Former Allentown Congressman Charlie Dent, who himself has tested positive for the coronavirus, said he is worried some out-of-work Pennsylvanians won’t be able to return to the same jobs they had before the pandemic.
“I’m sitting here in Allentown, Pennsylvania. I can tell you that there are just hordes of people who are out of work,” Dent said Wednesday morning on CNN, “and I’m really concerned they may not ever get back to work, at least in the jobs they have today, if we don’t get beyond the pandemic.
“We have to do the social distancing,” he said "... But I’m concerned about the long-term economic implications for a lot of people who thought they had stable jobs and may not anymore.”
Dent, a Republican who served in the U.S. House of Representatives from 2004 to 2018, said officials must work to get stimulus checks to Americans as soon as possible and called Trump’s firing of Glenn Fine, the inspector general who was to oversee the $2 trillion spending, “a very serious mistake.”
Dent, a centrist who retired instead of seeking reelection amid anti-Trump sentiment in 2018, has been openly critical of the President.

Fine ”struck me as a very professional inspector general, and you really do need inspector generals during times like this,” Dent said.
Dent described his own case of coronavirus is mild and said it is so far marked by extreme fatigue.

Mall owner PREIT asks for federal paycheck protection loan, furloughs staff

PREIT, the publicly-traded, investor-owned Philadelphia company that owns the Cherry Hill, Willow Grove and Plymouth Meeting malls, and runs the Philadelphia Fashion Center at the former Gallery in Center City, is asking for a “forgiveable” federal Paycheck Protection Program loan to pay staff members.
PREIT last week furloughed 41 office staff and 62 property management workers — 37 percent of its total staff — to cut costs. Even before state orders shut shopping malls as part of the costly national campaign to slow the spread of coronavirus COVID-19, PREIT was asking its banks for financial relief, due to Americans’ shifting shopping patterns and its own big debt load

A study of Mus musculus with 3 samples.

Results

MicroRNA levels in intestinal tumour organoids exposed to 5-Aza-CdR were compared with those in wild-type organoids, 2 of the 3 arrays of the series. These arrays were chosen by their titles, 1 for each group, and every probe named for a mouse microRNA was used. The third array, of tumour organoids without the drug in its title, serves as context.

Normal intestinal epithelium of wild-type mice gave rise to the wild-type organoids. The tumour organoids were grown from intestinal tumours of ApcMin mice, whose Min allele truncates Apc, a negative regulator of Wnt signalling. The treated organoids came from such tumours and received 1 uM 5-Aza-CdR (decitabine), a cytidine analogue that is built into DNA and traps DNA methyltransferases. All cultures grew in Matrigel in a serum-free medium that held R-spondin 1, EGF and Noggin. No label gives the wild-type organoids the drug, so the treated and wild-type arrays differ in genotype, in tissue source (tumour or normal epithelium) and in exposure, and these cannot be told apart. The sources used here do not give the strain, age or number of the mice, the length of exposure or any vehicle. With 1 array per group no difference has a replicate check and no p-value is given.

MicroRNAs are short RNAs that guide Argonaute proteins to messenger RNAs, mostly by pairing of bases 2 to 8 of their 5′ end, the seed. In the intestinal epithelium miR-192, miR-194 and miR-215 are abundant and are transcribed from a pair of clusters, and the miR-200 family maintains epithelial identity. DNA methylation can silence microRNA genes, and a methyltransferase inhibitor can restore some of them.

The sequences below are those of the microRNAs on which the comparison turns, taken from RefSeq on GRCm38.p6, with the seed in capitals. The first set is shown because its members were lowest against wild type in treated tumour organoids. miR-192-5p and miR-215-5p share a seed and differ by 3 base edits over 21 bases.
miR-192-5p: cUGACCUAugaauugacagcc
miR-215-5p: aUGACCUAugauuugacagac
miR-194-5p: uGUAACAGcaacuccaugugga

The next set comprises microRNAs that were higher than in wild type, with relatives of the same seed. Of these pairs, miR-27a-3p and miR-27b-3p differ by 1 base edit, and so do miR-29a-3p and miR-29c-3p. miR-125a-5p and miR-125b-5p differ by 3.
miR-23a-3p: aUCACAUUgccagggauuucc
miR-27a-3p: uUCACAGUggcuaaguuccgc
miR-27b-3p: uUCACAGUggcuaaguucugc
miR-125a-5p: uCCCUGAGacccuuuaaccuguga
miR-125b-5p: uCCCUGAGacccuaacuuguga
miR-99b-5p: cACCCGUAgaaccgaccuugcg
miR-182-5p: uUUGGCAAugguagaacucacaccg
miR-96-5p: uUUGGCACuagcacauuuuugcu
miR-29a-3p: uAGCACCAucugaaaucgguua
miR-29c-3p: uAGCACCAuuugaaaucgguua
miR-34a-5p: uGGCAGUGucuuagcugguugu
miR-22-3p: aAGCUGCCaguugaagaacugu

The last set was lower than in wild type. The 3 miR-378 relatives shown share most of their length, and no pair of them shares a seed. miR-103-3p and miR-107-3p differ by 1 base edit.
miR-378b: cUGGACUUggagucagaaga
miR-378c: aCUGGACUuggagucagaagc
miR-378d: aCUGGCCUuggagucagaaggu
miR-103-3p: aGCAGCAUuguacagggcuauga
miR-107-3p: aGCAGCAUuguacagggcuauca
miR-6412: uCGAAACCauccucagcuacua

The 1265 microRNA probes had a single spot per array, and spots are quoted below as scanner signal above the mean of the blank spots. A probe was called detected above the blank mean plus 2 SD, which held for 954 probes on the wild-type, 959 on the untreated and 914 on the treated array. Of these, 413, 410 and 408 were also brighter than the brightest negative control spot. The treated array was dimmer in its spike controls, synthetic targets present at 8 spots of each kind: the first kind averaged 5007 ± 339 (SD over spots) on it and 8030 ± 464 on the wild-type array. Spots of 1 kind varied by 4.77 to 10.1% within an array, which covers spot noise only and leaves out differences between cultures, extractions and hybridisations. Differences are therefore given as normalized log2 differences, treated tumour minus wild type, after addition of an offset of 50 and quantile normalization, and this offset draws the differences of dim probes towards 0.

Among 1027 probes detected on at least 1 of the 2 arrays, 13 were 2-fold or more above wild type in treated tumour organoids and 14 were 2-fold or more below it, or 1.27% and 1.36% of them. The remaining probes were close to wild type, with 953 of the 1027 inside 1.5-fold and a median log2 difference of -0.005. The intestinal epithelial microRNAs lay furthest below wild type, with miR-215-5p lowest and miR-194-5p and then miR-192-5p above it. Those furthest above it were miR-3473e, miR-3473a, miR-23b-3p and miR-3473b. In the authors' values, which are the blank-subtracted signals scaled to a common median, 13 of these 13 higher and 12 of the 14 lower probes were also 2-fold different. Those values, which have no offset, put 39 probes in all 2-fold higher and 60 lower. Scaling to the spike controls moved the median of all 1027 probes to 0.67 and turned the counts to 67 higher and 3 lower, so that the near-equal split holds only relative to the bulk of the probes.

The PPP program allows employers to borrow up to $10 million over the next two months, and promises to “forgive” the loans, at taxpayers’ expense, if the money is used to pay staff (not top management) and occupancy (rent, utilities).

White House task force is watching Philly area as a developing coronavirus hot spot

Philadelphia is among the coronavirus hot spots that the White House is currently watching, according to Deborah Birx, the Trump administration’s COVID-19 response director.
During an appearance on Good Morning America on Wednesday, Birx said the White House Coronavirus Task Force has been looking for trends in daily case reporting and COVID-19 testing, and that Philadelphia is among the cities they are keeping an eye on.
"We are concerned about the metro area of Washington and Baltimore, and we’re concerned right now about the Philadelphia area,” Birx said. “All of our previous areas appear to be steady at least.”
Birx didn’t offer any specifics about Philadelphia or the region. The White House did not immediately respond to a request for comment.
As of Thursday morning, there have been 4,272 COVID-19 cases in Philadelphia, and at least 200 deaths in the city and its surrounding counties. On Tuesday, officials reported 47 new deaths in the eight-county Philadelphia region, a daily high. But leaders are cautiously optimistic that social distancing efforts are having an impact, as the case curve has been flattening in Pennsylvania.

Photos: Philly landmarks lit in blue to honor health-care workers amid the COVID-19 pandemic

On Tuesday night, Philly was looking a little blue.
To commemorate World Health Day and to honor health-care workers fighting on the front lines of the coronavirus pandemic, many of the city’s iconic structures were lit blue. The landmarks will be bathed in blue every Tuesday for the rest of April.
“The selfless health-care workers who are on the front lines of this public health crisis are true heroes,” Mayor Jim Kenney said in a statement. “The act of lighting our city up in blue is a small but highly visible way to express our support and appreciation during this trying time. We want Philadelphia’s health-care workers to know we are thinking of them and are eternally grateful for the sacrifices they are making each day.”
Buildings that participated included the Philadelphia Museum of Art, the Franklin Institute, the Free Library of Philadelphia, the PECO Building, Citizens Bank Park, the Wells Fargo Center and Lincoln Financial Field.